In all the debates that flare up now and again on the Catholic Internet about serious reasons for using NFP, and what those reasons might be, I always feel like something is missing from the discussions. I’ll pose it as a question: Is love not a serious reason?
I mean, isn’t love really the only good reason?
In his letter to the Ephesians, St. Paul gave a commandment to husbands to love their wives as their own bodies. “He who loves his wife loves himself. After all, no one ever hated their own body, but they feed and care for their body, just as Christ does the church”. It is significant that this love of a husband for his wife is a bodily love that shows itself in care for the most basic needs of the body.
This concern for bodies is also demonstrated in the parable of the good Samaritan, where Jesus answers the Pharisee’s question: “who is my neighbor?”
In that parable as well, the Samaratan feeds and cares for the body of the man beaten by robbers and left for dead. He treats the man’s wounds, puts him up at an inn at his own expense, and makes sure he is given food and drink to bring his health back.
In doing so, he fulfills the great commandment to “love your neighbor as yourself”.
Likewise, when Jesus defines how he will divide the just from the damned, it is also in terms of bodies, in those that cared or did not care for the physical needs of others. Those who Jesus does not recognize, who will depart into everlasting fire, are those that did not feed the hungry, or clothe the naked, or give drink to those who thirst.
The point seems clear in the Gospels that love is first of all a concern for the physical well being of others and assisting them in their bodily needs.
This has an immediate bearing on the life of married couples. In an ideal world, such as Eden before the Fall of Adam and Eve, childbearing would not have been a problem. Having babies would not have conflicted with the duty of Adam to love Eve “as his own body”.
But in the fallen world that we actually live in, duties conflict sometimes. Having chilren, unfortunately can be very rough on the physical and mental well being of mothers. Procreation is a good of marriage, so is love. So naturally that leads to the question: who would win in a fight, procreation or love?
“There is no question of opposing love to procreation nor yet of suggesting that procreation takes precedence over love, ” Pope John Paul II wrote in his Love & Responsibility.
Indeed, it would be obscence if the good of procreation were to take precedence over love. This woud subordinate persons to a good of nature and in the hierarchy of creation, persons should not be subject to sub-personal goods. Christian marriage is a sacrament of love. A procreative love to be sure, but still love. And the subordination of persons to a purely natural good would not be love at all.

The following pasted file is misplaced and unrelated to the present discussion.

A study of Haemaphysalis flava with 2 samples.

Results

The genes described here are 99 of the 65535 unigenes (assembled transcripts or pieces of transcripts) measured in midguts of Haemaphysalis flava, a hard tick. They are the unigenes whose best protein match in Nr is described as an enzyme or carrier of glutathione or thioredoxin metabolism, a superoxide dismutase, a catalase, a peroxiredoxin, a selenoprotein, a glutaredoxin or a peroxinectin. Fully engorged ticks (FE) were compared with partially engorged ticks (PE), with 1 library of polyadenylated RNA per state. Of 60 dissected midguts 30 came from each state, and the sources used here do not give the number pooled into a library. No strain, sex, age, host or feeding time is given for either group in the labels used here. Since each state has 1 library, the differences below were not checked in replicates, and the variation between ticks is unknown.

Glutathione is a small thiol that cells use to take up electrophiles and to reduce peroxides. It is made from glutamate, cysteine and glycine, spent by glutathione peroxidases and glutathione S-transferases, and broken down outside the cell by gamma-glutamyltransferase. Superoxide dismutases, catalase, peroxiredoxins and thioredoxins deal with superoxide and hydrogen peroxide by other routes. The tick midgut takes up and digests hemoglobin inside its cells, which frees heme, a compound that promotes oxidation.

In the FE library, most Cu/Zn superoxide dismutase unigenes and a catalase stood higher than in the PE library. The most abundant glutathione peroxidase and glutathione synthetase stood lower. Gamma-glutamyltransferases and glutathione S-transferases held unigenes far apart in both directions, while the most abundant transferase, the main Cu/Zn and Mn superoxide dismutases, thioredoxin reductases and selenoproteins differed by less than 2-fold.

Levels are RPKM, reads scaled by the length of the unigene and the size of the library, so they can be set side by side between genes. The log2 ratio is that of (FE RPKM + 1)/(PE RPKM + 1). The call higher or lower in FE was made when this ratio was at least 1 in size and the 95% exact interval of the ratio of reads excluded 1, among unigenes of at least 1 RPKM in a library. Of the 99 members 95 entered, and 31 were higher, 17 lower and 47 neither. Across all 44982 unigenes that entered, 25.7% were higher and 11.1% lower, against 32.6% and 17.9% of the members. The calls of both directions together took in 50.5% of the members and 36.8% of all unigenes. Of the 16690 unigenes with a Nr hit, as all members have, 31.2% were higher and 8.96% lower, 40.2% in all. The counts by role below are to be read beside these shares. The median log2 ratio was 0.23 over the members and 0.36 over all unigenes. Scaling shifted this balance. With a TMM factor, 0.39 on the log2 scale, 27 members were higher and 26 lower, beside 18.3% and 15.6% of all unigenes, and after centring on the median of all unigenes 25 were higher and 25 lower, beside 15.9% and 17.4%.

Thankfully, these goods need not fight at all. Thanks to the discovery that a woman’s cycle is a predictible and intelligible universe in its own right, these two goods can usually be reconciled.
NFP allows couples to do their duty to become parents, while still staying within the parameters of love. It is not either they have a family or the husband loves his wife as himself, it’s both and.
When Jesus asked the Pharisee who was the neighbor in the parable, the Pharisee knew it was the Samaritan that showed mercy. Because NFP gives couples flexibility in how they go about growing their family, the husband can have mercy on his wife and care for her physical and mental needs “as his own body” without ever having to turn his back on their overall purpose of serving life.
Is that a serious enough reason? Well, to paraphrase St. Paul,
“If I have all the eloquence of men or of angels, but speak without love, I am simply a gong booming or a cymbal clashing. And if have the gravest, rarest, most life threatening reason in the whole universe for practicing NFP, but am without love, than I am nothing at all.”
Paul seems to think that love is the most important thing. If you’re motivated by that love that Paul commands spouses to have for each other, that love which is merciful, that love which cares for the other as oneself, how could that not be a serious reason? And if not motivated by that love, how could any reason be just?
Sometimes you encounter the attitude that “well God doesn’t give us more than we can handle”. Well, the Church obviously thinks spouses can have more than they can handle, otherwise NFP would not be possible in those physical, psychological, economic, and social conditions that Pope Pius XII said arise “not rarely”.
This attitude that “God never gives us more than we can handle” when applied to someone who is in difficulties, can become the opposite of love. And God forbid it ever becomes, “suck it up baby, suffering is good for you, and if you die in childbirth, hey at least you got to Heaven right? I mean, think of all the SOULS that you brought to God!”
That’s an excuse to cross the street to avoid your neighbor lying in the gutter.
“Which of these three do you think was a neighbor to the man who fell into the hands of robbers?”
The expert in the law replied, “The one who had mercy on him.”
Jesus told him, “Go and do likewise.”
“God never gives us more than we can handle” was the philosophy of the rich man that walked by the beggar Lazurus ever day. That the rich man helped Lazurus to suffer and so helped him indirectly into Heaven was not accounted as virtue for the rich man. On the contrary, the rich man ended up in Hell.
In the end, God is not going to count the number of babies you procreated for him, as if that was the only way He keeps score. He will recognize you in the person of your spouse when you showed him mercy. Or not.